CANTERBURY - Hundreds of visitors came to Shaker Village Saturday afternoon as volunteer Shaker history buffs and local artists showed, through short plays and informative displays, how a faith based on human purity once enjoyed Christmas.
The fifth-annual "A Christmas in Canterbury" is a two-Saturday event that concludes next Saturday from 3 to 8 p.m. at the 694-acre Shaker Village, which is dedicated to preserving the 200-year legacy of the Shakers.
The Shakers, a denomination that formed in late 18th century England and soon moved to New England, believed in personal communication with God and felt a caretaker-like devotion to mankind and to the Earth.
Living a self-sufficient lifestyle, they came to be known for their architecture, crafts, and furniture.
Though the Shakers were known for their simple, tranquil way of life and daily work routines, they treasured Christmas as a time to celebrate by helping and giving to each other and to their community as a whole, said Sally Stanton of the Shaker Village.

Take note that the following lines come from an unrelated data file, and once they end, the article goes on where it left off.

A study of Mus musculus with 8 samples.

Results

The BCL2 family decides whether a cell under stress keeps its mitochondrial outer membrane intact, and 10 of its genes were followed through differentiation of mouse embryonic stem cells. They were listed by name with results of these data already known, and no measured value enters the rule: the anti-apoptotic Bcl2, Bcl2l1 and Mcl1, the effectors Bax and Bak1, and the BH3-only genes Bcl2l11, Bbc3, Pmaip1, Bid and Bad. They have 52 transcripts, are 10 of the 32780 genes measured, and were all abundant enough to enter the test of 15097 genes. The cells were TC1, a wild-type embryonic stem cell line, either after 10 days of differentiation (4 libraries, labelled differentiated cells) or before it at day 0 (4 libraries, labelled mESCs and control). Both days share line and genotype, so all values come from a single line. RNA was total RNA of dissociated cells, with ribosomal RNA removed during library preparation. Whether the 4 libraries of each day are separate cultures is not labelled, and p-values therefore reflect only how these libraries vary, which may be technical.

On Christmas, Shakers made a special effort to forgive each others' sins and made small, often useful presents for each other. Negative emotions were suppressed in favor of the greater good.
"They celebrated in a very simple way," Stanton said. "Because it is so simple, it shows what Christmas can be like without all the commercialism."
As the parking lots filled with cars, candle-lit lanterns lined paths to several of the 25 restored original Shaker buildings and four reconstructed Shaker buildings. Children rode horse-pulled hayrides outside.
In one house, actors dressed in 19th century costumes portrayed a Shaker schoolhouse during the Christmas season, with a large hand-decorated Christmas tree at the front of the room. In another house, actors portrayed a doctor and a nurse.
Dozens huddled in one house to hear traditional Christmas tunes performed acoustically by the Jordan Tirell-Wysocki Trio. In another building, Marcel Durette, a teacher at the Homestead Woodworking School in Newmarket, demonstrated the art of wooden ornament-making.
In the basement of one building, an ongoing gingerbread spectacular displayed 15 entrants' gingerbread cakes and pastries.
The winner will be determined by Shaker volunteers on Saturday and will receive a $200 prize.
A People's Choice Award will also be given.
Stanton said the last Canterbury Shakers, who have died in the past few years, used to sit and greet visitors as they arrived.
"It's easily one of the favorite events here," Stanton said.
For more information, go to shakers.org.